Putin, who has controlled Russia with a rod of iron for more than two decades, engineered a change in the constitution last year allowing him to remain in office for life. But the 69-year-old has been mired by rumours of ill-health, prompting some to suggest this may be a hugely motivating factor in the timing of his botched invasion of Ukraine.
And one – or even both – of these factors may spell his political demise.
Speaking on the One Decision podcast, Sir Richard Dearlove, who headed Britain’s Secret Intelligence Service when the Soviet Union collapsed, predicted Putin would soon exit to receive medical treatment.
“I think he’ll be gone by 2023 – but probably into the sanatorium, from which he will not emerge as the leader of Russia.
“I’m not saying he won’t emerge from the sanatorium, but he won’t emerge as the leader of Russia any longer. And that’s a way to sort of move things on without a coup.”
Former spy Christopher Steele, who once operated in Russia as an MI6 agent, said there was “no political leadership” coming from Putin. He told LBC: “Our understanding is that there’s increasing disarray in the Kremlin and chaos. In military terms, the structures of command and so on are not functioning as they should.”
Putin, a former KGB colonel, was once famed for his staged bare-chested poses but speculation over his health has been intensifying over the past six weeks.
In March, the Sunday Express revealed Pentagon analysts had concluded he had developed cancer after conducting “forensic” examinations of photographs and broadcasts spanning five years.
A Russian oligarch purporting to have close links with the Kremlin then revealed Putin was “very ill with blood cancer”.
And last week the head of Ukraine’s military intelligence, Major General Kyrylo Budanov, claimed a coup was under way.
Sir Richard’s view was echoed by former Nato supreme allied commander for Europe, Admiral James Stavridis, who told the podcast: “If you want to steer the ship of Russia, you’ve got to do it with the hands of Putin on the wheel. Putin’s health may be the most determinative path to the change in the course of the Russian ship.”
While the claims have not been confirmed officially, they represent a problem for the Kremlin, said Professor Mark Galeotti, author of We Need to Talk About Putin.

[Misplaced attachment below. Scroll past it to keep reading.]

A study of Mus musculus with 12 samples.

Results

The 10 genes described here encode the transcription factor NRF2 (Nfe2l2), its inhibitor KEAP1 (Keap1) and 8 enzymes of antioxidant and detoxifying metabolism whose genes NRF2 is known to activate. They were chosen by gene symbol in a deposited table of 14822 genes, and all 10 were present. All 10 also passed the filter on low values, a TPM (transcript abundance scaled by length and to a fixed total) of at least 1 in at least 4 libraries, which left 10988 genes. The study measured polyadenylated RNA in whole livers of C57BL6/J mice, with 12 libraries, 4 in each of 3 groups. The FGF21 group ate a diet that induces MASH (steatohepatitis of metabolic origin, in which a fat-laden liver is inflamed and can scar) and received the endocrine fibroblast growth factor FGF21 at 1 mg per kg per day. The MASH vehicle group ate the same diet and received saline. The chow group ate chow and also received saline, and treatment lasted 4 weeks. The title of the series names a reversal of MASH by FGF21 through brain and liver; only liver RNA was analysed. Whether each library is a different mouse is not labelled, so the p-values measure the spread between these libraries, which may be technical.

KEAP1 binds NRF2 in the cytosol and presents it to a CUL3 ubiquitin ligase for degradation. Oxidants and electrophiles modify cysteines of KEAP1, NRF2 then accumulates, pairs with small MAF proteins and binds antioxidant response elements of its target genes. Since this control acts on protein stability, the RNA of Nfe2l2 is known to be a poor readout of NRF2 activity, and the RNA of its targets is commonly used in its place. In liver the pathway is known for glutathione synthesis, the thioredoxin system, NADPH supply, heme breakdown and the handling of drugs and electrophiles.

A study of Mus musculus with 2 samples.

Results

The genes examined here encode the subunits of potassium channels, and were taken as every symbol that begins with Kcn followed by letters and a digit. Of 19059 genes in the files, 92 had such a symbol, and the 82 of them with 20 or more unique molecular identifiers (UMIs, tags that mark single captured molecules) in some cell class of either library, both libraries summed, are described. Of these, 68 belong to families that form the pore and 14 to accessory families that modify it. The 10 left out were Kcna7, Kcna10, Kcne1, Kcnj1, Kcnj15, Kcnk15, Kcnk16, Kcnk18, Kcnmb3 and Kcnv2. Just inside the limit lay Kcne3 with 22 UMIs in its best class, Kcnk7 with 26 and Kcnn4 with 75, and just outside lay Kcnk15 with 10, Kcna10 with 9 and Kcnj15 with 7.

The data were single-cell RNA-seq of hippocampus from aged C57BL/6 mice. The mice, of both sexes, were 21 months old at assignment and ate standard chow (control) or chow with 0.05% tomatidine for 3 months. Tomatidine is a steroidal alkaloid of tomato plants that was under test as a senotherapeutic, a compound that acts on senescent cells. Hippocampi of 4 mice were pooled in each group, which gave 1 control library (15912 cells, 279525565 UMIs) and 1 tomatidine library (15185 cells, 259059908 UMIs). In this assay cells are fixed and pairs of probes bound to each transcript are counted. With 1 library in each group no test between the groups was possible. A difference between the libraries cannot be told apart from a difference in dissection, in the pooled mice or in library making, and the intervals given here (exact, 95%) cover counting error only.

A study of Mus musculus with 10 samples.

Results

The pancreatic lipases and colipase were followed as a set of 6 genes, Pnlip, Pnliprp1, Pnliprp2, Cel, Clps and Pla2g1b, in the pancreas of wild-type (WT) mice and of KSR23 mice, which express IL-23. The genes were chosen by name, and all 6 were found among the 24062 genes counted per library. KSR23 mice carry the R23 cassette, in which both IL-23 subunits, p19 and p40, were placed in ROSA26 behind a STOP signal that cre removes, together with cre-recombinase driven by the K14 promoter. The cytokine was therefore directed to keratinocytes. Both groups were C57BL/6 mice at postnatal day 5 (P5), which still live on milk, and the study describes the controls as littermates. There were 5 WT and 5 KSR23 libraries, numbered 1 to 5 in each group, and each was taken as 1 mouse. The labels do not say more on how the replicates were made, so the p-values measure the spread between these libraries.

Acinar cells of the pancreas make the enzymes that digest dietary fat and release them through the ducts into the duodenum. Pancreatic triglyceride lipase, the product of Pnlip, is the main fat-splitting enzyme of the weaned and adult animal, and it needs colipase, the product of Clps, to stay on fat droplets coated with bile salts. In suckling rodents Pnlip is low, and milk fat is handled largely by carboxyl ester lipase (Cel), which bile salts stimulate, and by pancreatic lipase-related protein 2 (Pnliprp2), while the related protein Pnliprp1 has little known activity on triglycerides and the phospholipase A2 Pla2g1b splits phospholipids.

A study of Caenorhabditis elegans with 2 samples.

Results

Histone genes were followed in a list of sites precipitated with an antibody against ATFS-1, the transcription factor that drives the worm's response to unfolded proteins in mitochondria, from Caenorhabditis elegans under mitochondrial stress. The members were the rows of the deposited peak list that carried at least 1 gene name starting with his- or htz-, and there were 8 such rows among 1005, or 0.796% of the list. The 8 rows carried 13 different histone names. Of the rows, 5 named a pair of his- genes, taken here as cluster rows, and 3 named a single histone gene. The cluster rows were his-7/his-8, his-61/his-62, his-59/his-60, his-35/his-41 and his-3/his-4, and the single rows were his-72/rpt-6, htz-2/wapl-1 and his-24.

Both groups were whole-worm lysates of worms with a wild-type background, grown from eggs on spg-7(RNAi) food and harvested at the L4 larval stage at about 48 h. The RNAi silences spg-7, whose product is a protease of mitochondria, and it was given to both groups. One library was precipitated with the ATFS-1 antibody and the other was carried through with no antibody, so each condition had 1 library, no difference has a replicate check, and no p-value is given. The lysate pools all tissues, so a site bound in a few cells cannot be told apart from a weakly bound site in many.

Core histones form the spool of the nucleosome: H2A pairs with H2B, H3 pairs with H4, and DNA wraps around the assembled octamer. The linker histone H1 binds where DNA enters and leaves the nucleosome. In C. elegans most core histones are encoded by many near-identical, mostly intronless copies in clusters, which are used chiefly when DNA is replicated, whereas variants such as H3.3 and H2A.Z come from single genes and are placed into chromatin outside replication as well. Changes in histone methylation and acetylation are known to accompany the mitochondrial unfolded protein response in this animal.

“It’s clear there is something wrong with Putin. Those I’ve spoken with don’t think it will lead to an imminent incapacitation or death but it will become more of an issue,” he said.
“He may become less credible to the elite. It makes people think about transition, and this begins to make him something of a lameduck president.”
Prof Galeotti, of the RUSI think tank, added: “My theory is that part of Putin’s motivation for Ukraine was to achieve what he considered to be a crowning legacy before retiring as some elder statesman with permanent lifetime immunity from prosecution.
“Given the state of his health and Russia’s economy, he is unlikely to relish the painful prospect of running a campaign in 2024.”
The state of Russia’s military campaign – which Putin is now believed to be directing personally – may be a contributing factor.
However, Oscar-winning director Oliver Stone claims Putin has suffered from cancer in the past – but had overcome it.TheAmerican filmmaker was granted unprecedented access to the Kremlin leader over a two year period and made the claim in a new podcast.
Last week, retired Russian colonel Mikhail Khodarenok launched a remarkable critique on Russian TV, saying: “The biggest problem with our military and political situation is that we are in total political isolation and the whole world is against us, even if we don’t want to admit it.We need to resolve this.
The situation cannot be considered normal when, against us, there is a coalition of 42 countries and when our resources… are limited.”
Prof Galeotti added: “Putin might reach a point where his range of options is limited and his choice becomes: would you like a sanatorium or a mortuary?
“Three months ago Putin’s natural successor was defence minister Sergei Shoigu. The most dangerous thing is to be publicly discussed as a Putin successor. But Shoigu is younger, and there’s no way he cannot in some way be thinking of his future.”
Viktorija Starych-Samuoliene, of the Council on Geostrategy, said: “The political and military elite is trying to send the message that they are dissatisfied and are preparing the Russian public for the fact that Russia is in trouble.”